I've read a lot of the books out there covering the FUBAR that is the war in Iraq. Overwhelmingly, they point again and again to the fact that war

I've read a lot of the books out there covering the FUBAR that is the war in Iraq. Overwhelmingly, they point again and again to the fact that warfare strategies were being designed by members of the administration that had no military or combat experience whatsoever and those with experience, were pushed out or aside.

This weekend, I borrowed a book, The Utility of Force, from a friend by a former UK/NATO general who posits that no war, as it is currently defined, is winnable. Here's the review from the Independent:

At least twice in his military career, in Bosnia in 1995 and Kosovo in 1999, (Rupert Smith) was in a position of high responsibility, having to act on behalf of governments that had wish-lists aplenty but no serious strategy. He has now produced a work whose obvious message is: "We must educate our masters."

The Bosnia experience is crucial to understanding Smith's world view. In early 1995, he was sent to besieged Sarajevo as the commander of the disparate and dispirited UN forces charged with carrying out a variety of mainly humanitarian tasks in the midst of a vicious war. His masters on the UN Security Council had no plan for stopping atrocities or ending the war. Nor did Nato.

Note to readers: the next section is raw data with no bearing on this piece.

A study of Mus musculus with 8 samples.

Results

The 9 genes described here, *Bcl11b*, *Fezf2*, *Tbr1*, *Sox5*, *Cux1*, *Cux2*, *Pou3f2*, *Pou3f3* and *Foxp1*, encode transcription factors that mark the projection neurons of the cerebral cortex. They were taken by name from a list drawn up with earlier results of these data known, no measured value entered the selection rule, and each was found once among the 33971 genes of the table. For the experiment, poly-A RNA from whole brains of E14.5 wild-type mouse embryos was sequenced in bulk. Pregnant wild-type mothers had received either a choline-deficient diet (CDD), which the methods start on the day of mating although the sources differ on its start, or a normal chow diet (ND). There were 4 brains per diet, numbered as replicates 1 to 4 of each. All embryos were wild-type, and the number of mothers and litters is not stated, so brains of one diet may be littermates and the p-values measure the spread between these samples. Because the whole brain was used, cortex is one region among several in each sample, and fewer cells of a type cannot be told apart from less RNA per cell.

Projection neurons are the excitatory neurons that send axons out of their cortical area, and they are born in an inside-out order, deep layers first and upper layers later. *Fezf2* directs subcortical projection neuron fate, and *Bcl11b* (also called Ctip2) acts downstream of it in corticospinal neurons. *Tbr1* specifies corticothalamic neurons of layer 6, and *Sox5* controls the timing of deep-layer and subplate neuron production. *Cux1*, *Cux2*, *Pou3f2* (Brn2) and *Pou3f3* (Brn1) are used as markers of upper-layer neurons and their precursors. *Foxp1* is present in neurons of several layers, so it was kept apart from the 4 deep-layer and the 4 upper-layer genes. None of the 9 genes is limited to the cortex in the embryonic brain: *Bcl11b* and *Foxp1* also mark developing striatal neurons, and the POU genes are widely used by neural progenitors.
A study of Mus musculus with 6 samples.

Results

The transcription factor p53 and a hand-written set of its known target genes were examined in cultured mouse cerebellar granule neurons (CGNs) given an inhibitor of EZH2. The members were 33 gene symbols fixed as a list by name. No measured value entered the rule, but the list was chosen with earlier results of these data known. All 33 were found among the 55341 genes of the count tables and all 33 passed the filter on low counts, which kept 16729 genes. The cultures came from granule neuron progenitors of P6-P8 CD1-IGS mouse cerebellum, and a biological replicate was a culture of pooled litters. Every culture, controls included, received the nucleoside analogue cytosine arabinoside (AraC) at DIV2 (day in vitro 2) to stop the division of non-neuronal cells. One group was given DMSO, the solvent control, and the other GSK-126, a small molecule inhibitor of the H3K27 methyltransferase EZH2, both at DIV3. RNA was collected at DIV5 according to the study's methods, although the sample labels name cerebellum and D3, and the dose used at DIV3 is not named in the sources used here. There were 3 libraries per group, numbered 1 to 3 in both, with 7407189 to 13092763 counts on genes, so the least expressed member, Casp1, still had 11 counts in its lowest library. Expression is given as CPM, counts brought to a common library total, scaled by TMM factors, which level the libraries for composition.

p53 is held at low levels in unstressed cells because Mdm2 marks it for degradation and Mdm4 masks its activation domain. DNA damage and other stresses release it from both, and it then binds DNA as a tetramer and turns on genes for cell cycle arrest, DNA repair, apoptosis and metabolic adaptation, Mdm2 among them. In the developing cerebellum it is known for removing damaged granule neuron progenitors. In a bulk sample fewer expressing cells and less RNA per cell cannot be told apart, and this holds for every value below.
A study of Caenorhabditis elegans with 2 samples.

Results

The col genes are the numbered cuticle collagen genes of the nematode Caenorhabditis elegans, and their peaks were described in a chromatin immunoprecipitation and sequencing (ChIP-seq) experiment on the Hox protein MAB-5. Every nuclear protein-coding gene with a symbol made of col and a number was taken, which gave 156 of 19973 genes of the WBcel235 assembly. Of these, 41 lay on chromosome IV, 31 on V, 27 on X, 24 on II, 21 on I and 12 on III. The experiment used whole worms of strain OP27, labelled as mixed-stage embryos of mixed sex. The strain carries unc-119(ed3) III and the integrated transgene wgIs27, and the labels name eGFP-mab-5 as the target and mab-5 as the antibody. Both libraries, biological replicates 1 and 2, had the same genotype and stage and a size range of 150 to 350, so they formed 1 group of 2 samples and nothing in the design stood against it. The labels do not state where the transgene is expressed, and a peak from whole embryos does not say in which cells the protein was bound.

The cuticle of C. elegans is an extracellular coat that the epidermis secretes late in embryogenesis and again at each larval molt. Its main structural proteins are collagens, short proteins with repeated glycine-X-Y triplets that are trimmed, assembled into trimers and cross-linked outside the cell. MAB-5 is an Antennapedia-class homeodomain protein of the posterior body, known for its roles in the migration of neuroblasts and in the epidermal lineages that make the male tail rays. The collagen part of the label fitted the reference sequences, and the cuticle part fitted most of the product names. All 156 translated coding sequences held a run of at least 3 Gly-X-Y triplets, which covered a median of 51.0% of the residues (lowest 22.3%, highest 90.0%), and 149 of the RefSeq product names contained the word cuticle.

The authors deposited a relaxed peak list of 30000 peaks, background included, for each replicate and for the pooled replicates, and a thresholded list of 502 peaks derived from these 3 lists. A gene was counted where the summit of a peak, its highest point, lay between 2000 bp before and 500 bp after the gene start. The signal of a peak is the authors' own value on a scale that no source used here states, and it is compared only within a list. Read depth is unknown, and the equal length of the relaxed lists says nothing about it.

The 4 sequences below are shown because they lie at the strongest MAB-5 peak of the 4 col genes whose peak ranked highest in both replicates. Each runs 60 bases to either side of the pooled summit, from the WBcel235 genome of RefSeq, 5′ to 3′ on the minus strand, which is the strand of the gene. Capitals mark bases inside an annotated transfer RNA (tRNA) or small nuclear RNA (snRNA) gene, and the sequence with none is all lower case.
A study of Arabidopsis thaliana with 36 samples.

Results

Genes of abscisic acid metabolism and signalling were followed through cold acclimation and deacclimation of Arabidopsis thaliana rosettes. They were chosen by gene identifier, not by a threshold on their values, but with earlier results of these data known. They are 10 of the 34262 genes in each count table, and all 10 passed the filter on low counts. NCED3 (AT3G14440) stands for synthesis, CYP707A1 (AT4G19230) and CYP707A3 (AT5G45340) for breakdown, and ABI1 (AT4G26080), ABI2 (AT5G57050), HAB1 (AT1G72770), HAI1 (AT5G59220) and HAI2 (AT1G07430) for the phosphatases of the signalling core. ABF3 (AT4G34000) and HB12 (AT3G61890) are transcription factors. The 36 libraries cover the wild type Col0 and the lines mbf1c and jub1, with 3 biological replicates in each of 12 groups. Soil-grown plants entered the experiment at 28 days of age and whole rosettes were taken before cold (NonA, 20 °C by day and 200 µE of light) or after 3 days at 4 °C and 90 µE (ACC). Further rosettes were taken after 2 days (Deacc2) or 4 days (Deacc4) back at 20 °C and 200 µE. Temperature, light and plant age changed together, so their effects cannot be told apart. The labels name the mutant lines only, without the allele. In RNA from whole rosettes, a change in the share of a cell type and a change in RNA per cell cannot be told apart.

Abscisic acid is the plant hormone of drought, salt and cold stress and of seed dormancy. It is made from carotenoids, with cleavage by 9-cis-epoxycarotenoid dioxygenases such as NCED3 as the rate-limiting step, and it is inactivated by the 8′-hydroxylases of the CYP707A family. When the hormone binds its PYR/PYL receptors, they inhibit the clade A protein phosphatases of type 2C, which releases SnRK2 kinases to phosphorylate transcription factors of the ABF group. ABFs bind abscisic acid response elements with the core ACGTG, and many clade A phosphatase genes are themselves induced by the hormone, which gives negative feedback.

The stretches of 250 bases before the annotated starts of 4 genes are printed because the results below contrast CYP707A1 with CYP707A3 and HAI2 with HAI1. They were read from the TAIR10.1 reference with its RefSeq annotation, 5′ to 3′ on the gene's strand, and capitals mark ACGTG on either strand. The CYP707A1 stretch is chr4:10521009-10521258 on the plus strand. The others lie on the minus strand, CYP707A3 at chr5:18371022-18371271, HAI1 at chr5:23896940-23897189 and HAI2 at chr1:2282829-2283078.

This drift and indirection offended Smith's distressingly logical mind. As the dreadful events of that year unfolded, he was one of a few who quietly worked on deploying force in such a way as to protect the remaining "safe areas". On 29 August he turned the UN key for Nato to use force against the Bosnian Serb Army.

The Kosovo War in 1999 was similar and also different. This time, Rupert Smith was Deputy Supreme Allied Commander in Nato, having to try to make strategic bricks from the incredibly thin straw of the Western governments' preposterous belief that a few days of bombing would rapidly lead Serbia to abandon its domination of Kosovo.

From these experiences, Smith has drawn the conclusion this book encapsulates: modern war is "war among the people". This does not mean that outside force cannot be used, but that its use has to be discriminate, and based on a clear understanding of the nature of a conflict, and a well-conceived strategy for achieving a goal. He is incontestably right in this conclusion.